Thursday, 21 June 2012
Farewell Liz Shaw, as we say goodbye to Caroline John
We are sorry to announce that the actress Caroline John who played companion Liz Shaw in Jon Pertwee's debut season has passed away. The official news came via a tweet from the BBC on the Doctor Who Twitter feed.
She left us on the 5th June, but the news was undisclosed by the family until after the funeral took place yesterday in south-west London; the cause of death is unknown at the moment.
Born in York in 1940, Caroline John trained at the Central School of Speech and Drama. She then worked in the theatre, touring with the Royal Shakespeare Company and the National Theatre.
In 1969, she won the part of scientist and companion Doctor Elizabeth Shaw opposite Jon Pertwee as the Doctor who had taken over the role since Patrick Troughton's departure. Her character of Liz Shaw appeared as a regular for one season in 1970, but she left when Barry Lett's wanted to replace her with a younger character. She was also pregnant at the time. She played two roles in the final story of that year, Inferno, the other character being Shaw's alternative-universe counterpart, Section Leader Elizabeth Shaw.
The Doctor Who Bar will be having a special tribute viewing of Inferno tonight in her memory, as we bid farewell to her with her final performance from the Jon Pertwee era. The tribute session will open at 7.30pm, pressing play on our DVD's at 8pm.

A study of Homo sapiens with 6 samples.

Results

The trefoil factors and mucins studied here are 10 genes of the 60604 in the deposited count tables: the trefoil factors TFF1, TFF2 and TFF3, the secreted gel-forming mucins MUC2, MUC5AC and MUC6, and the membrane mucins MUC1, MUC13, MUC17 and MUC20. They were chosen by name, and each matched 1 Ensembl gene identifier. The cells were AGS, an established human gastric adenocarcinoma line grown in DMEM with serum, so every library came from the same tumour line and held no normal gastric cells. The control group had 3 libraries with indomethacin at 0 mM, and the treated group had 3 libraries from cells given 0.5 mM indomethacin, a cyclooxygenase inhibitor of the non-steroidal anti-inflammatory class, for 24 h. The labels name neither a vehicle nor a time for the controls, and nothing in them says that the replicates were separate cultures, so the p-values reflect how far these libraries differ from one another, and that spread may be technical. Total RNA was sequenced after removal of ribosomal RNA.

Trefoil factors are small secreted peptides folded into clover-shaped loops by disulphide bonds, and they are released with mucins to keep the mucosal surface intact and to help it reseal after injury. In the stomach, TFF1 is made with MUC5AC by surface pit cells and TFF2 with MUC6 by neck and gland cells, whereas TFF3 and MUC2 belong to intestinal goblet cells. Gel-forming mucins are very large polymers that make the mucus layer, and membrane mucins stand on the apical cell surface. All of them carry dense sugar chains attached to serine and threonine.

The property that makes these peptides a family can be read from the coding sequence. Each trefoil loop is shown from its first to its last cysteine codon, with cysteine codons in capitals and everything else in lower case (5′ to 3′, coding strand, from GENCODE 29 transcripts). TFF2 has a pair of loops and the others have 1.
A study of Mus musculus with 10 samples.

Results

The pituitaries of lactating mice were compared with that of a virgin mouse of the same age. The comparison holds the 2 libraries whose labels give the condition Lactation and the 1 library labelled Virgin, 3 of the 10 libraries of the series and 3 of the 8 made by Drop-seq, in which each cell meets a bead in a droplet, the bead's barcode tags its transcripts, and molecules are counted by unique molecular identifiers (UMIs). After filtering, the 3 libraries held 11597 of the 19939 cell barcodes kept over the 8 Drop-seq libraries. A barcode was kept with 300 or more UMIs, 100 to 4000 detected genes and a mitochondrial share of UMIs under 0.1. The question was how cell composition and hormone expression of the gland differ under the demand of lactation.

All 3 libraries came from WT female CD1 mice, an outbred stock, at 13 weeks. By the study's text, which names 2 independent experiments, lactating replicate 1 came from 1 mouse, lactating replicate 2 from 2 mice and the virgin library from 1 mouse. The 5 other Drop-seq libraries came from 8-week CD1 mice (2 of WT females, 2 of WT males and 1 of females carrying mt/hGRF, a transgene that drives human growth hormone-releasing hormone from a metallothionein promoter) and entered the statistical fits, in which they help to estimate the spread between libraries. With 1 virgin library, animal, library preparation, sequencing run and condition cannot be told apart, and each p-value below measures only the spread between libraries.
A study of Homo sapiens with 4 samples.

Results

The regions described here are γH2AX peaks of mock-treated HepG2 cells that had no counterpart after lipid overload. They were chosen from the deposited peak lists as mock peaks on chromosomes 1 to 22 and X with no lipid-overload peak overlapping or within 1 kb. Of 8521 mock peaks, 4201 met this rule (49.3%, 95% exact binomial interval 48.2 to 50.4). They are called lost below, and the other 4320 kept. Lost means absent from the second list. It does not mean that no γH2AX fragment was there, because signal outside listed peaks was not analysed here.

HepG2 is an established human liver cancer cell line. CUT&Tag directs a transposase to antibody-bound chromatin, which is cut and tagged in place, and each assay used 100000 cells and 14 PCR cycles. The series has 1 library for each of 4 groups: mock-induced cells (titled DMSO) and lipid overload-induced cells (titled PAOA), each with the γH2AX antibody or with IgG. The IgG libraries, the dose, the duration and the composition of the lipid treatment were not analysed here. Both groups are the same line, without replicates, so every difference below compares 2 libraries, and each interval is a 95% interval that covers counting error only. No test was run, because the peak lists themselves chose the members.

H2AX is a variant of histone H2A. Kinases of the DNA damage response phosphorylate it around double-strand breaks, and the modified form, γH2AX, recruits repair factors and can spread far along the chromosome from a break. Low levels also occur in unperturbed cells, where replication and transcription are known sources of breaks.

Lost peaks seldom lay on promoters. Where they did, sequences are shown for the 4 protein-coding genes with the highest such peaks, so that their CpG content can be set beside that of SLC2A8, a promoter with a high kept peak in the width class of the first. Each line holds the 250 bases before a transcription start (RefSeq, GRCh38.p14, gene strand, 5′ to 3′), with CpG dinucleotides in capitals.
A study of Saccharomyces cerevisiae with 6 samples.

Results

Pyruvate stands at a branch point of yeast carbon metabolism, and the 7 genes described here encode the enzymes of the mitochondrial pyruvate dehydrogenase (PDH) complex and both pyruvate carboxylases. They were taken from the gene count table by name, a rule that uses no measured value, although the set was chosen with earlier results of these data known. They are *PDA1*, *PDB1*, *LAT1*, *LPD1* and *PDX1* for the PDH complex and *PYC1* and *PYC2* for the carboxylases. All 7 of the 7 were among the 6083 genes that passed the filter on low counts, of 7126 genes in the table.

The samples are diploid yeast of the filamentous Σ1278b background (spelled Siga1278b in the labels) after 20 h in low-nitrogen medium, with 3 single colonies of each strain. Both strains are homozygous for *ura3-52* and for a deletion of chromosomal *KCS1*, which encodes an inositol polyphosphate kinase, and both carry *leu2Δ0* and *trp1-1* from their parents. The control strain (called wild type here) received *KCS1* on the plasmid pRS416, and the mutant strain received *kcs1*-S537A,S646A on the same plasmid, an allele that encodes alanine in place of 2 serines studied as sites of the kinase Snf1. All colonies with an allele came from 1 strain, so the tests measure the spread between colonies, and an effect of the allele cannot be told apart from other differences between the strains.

Caroline returned to the series in 1983 for the Twentieth Anniversary special The Five Doctors, in which she played a ghost version of Liz Shaw. She reprised her starring role of Liz Shaw for the 1993 BBC Children In Need special Dimensions In Time.
Married to actor Geoffrey Beevers who would later play an incarnation of the Doctor's arch enemy the Master, Caroline John appeared as Madame Salvadori with him in the Big Finish audio drama Dust Breeding, which was released back in 2001. She also portrayed Liz Shaw again for Big Finish in The Blue Tooth, released in 2007. In addition, she appeared as Shaw in the straight-to-video P.R.O.B.E. stories of the 1990s, which were written by Mark Gatiss and co-starred Pertwee, Peter Davison, Colin Baker, and Sylvester McCoy.
Beevers and John also starred together in the Agatha Christie's Poirot episode Problem At Sea on ITV. In addition, the couple had roles in the Channel 4 adaptation of the political thriller A Very British Coup in 1988.
John's most recent notable appearance was in the film Love, Actually - the 2003 rom-com written and directed by Richard Curtis.
She will be very sadly missed by all Doctor Who fans who have affection for the Jon Pertwee era of the programme.
Farewell Caroline John, Rest In Peace.